Passive Suicidal Ideation and ADHD

Individuals with Attention Deficit Hyperactivity Disorder (ADHD) may experience passive suicidal ideation. This is often linked to the emotional dysregulation and impulsivity associated with ADHD. In this article, we will take a close look at the relationship between passive suicidal ideation and ADHD. Together, we will understand what passive suicidal ideation is and how it relates to ADHD.
Frederika Malichová

Frederika Malichová

Neuroscientist at the University Of Cambridge.


Passive suicidal ideation refers to thoughts about death or the desire to die without a specific plan to commit suicide.

This can be either fantasising about dying during sleep or because of a fatal accident.

However, although the term includes the word “passive” it does not mean that these thoughts are harmless. Quite the contrary, passive suicidal ideation can increase the likelihood of the person putting himself/herself into dangerous situations. This can then lead to active suicidal ideation which includes planning to commit suicide [1].

Passive suicidal ideation can be present as a symptom of various mental health disorders. Commonly, it is seen in major depression, substance abuse or other mood disorders.

Passive suicidal ideation can be also triggered by stressful events like the death of a loved one, divorce or job loss.

It is extremely important to take passive suicidal ideation seriously as it may lead to the worsening of the person’s state. Therefore, if anyone is expressing passive suicidal ideation, they should seek professional help [1].

What Is ADHD?

Attention Deficit Hyperactivity Disorder (ADHD) is a neurodivergent condition. In ADHD, we observe high levels of hyperactivity and impulsive behaviours.

The Americal Psychiatric Association considers ADHD as a valid diagnosis and the prevalence of ADHD amongst adults is 2-5% in the United States [2].

ADHD typically begins in childhood and can persist into adulthood.

ADHD individuals usually have problems with concentrating on a single task or sitting still for extended periods. However, they can experience other symptoms such as ADHD fatigue, ADHD eye contact and research even suggests a link between hypermobility and ADHD.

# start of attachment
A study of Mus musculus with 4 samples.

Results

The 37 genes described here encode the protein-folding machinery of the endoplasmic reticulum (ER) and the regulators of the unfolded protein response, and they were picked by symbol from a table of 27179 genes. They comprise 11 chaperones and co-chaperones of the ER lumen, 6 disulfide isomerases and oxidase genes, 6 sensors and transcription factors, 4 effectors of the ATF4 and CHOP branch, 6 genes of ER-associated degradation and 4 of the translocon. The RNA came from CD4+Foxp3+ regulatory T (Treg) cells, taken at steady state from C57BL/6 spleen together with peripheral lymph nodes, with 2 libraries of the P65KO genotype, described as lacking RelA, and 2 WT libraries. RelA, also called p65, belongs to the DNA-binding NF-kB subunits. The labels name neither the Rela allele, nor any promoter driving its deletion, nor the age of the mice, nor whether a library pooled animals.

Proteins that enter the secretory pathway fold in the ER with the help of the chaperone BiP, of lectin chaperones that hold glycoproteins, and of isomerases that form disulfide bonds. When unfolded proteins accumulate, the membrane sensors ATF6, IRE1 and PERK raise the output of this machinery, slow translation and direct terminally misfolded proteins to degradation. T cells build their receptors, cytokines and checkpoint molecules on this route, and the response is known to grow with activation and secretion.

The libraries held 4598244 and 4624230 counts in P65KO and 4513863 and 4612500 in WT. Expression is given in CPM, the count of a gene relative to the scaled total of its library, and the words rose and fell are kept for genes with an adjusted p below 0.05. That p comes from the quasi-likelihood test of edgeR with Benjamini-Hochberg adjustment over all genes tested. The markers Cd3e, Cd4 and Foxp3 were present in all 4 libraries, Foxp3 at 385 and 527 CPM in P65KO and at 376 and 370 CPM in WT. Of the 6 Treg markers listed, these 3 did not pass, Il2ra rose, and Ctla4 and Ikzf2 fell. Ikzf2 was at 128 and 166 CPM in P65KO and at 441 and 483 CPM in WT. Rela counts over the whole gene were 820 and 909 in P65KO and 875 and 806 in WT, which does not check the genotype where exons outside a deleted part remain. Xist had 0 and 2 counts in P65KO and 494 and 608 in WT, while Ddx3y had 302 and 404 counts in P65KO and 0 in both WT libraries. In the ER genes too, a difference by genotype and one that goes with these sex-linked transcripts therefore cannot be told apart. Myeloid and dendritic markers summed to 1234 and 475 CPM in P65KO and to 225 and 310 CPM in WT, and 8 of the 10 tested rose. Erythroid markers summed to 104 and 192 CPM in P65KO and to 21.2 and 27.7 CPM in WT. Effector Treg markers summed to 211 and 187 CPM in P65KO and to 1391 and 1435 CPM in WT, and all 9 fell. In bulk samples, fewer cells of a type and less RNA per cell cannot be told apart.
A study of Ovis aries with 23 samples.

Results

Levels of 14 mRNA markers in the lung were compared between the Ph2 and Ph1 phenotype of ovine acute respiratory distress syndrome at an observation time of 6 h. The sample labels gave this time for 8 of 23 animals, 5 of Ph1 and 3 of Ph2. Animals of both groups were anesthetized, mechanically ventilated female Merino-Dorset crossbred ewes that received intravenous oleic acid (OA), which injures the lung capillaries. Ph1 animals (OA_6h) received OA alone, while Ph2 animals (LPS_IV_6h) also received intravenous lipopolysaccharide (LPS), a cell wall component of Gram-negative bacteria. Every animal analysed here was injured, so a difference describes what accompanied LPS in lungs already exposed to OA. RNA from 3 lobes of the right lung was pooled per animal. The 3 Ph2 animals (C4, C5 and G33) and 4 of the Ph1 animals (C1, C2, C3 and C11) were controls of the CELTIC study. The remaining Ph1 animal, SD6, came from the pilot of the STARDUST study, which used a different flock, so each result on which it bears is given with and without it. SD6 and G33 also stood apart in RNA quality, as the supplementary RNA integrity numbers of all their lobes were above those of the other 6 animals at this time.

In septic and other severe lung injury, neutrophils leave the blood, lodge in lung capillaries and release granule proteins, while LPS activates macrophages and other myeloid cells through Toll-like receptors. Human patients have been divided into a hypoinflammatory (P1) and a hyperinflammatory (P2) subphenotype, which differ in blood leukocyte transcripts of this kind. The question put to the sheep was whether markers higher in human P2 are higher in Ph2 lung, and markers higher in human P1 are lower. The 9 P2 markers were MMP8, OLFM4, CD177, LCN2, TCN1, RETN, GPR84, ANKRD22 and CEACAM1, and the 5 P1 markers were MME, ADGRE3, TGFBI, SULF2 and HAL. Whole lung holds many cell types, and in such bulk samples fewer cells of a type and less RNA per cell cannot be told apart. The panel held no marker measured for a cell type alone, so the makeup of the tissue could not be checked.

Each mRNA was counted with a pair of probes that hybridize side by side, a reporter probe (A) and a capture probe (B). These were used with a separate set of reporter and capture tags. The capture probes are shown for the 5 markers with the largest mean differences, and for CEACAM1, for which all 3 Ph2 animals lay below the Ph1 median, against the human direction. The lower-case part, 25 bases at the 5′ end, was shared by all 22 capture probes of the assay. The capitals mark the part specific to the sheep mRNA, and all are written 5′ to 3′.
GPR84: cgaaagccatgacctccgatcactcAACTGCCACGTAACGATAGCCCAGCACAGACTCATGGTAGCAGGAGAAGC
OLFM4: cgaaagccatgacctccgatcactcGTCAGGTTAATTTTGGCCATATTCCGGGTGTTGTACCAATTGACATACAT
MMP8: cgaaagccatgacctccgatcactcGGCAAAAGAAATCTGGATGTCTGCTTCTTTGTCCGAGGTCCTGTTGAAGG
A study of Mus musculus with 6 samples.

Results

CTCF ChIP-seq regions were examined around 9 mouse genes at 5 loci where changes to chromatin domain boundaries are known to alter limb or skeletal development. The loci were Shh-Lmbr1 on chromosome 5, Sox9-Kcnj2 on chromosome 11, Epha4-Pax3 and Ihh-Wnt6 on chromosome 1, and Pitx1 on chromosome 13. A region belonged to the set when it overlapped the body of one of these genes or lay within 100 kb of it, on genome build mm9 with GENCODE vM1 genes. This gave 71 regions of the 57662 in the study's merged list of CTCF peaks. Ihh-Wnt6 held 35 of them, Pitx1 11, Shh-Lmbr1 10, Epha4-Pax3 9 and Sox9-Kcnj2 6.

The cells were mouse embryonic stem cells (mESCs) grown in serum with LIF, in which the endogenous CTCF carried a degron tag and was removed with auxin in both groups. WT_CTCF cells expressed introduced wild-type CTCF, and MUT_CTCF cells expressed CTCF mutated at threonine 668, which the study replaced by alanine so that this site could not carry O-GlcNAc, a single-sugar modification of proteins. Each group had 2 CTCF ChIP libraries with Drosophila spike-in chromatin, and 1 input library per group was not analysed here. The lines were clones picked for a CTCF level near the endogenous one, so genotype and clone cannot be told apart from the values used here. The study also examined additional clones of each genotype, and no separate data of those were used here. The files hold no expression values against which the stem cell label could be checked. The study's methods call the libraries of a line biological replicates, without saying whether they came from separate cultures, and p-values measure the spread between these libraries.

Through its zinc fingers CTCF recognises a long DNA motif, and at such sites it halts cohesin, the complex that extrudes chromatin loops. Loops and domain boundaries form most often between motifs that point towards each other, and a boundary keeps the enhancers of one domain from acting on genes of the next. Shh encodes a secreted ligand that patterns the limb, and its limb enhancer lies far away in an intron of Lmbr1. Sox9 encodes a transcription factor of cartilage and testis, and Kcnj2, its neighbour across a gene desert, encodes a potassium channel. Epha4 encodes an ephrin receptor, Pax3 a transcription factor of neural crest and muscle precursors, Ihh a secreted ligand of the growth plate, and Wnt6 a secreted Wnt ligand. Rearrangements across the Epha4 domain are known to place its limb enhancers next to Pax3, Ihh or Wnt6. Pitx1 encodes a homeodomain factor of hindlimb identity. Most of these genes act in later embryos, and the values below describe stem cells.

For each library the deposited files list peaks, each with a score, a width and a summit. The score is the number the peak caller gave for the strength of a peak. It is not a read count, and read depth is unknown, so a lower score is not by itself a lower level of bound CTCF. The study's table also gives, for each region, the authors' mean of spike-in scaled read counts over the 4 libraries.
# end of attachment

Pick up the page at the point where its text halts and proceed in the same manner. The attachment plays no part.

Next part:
ADHD impacts a person’s daily life as issues due to the condition may arise in work, studies, relationships and home life [3, 4, 5].

Research has shown a significant association between ADHD and passive suicidal ideation.

In a study of 1 452 Japanese individuals, people with ADHD symptoms had 8 times higher chance for suicidal ideation in comparison to individuals without ADHD symptoms [6].

Further, an investigation of working memory in 623 children revealed that weaker working memory in children with ADHD increased suicidal ideation [7]. Therefore, this study suggested that cognitive impairments associated with ADHD may contribute to the development of passive suicidal ideation.

In another study involving adult patients with ADHD only, it was found that adults with ADHD report suicidal ideation more often (46%) compared to non-ADHD controls (5.9%) [8].

This study also highlighted the high incidence of suicidal ideation in adult ADHD patients, suggesting that clinicians should routinely assess risk factors for suicide among these patients.

In a study involving 788 high school girls, it was found that depressive symptoms partially mediate the relationship between ADHD symptoms and suicidal ideation [9].

Other studies have also suggested possible links between passive suicidal ideation and ADHD [10, 8, 9].

Altogether, it appears that this relationship may be mediated by factors such as cognitive impairments, negative effects and the feeling of burdensomeness and thwarted belongingness. The link between passive suicidal ideation and ADHD highlights the importance of clinical assessments among these patients. However, more research is needed to determine and understand the relationship between ADHD and passive suicidal ideation better.


Frederika Malichová

Frederika is a postgraduate researcher at the University of Cambridge, where she investigates new biomarkers for Frontotemporal Dementia and other tauopathies. Her research has been published at prestigious conferences such as the Alzheimer’s Association International Conference 2023. She obtained her BSc in Biomedical Sciences from UCL, where she worked closely with the UK Dementia Research Institute.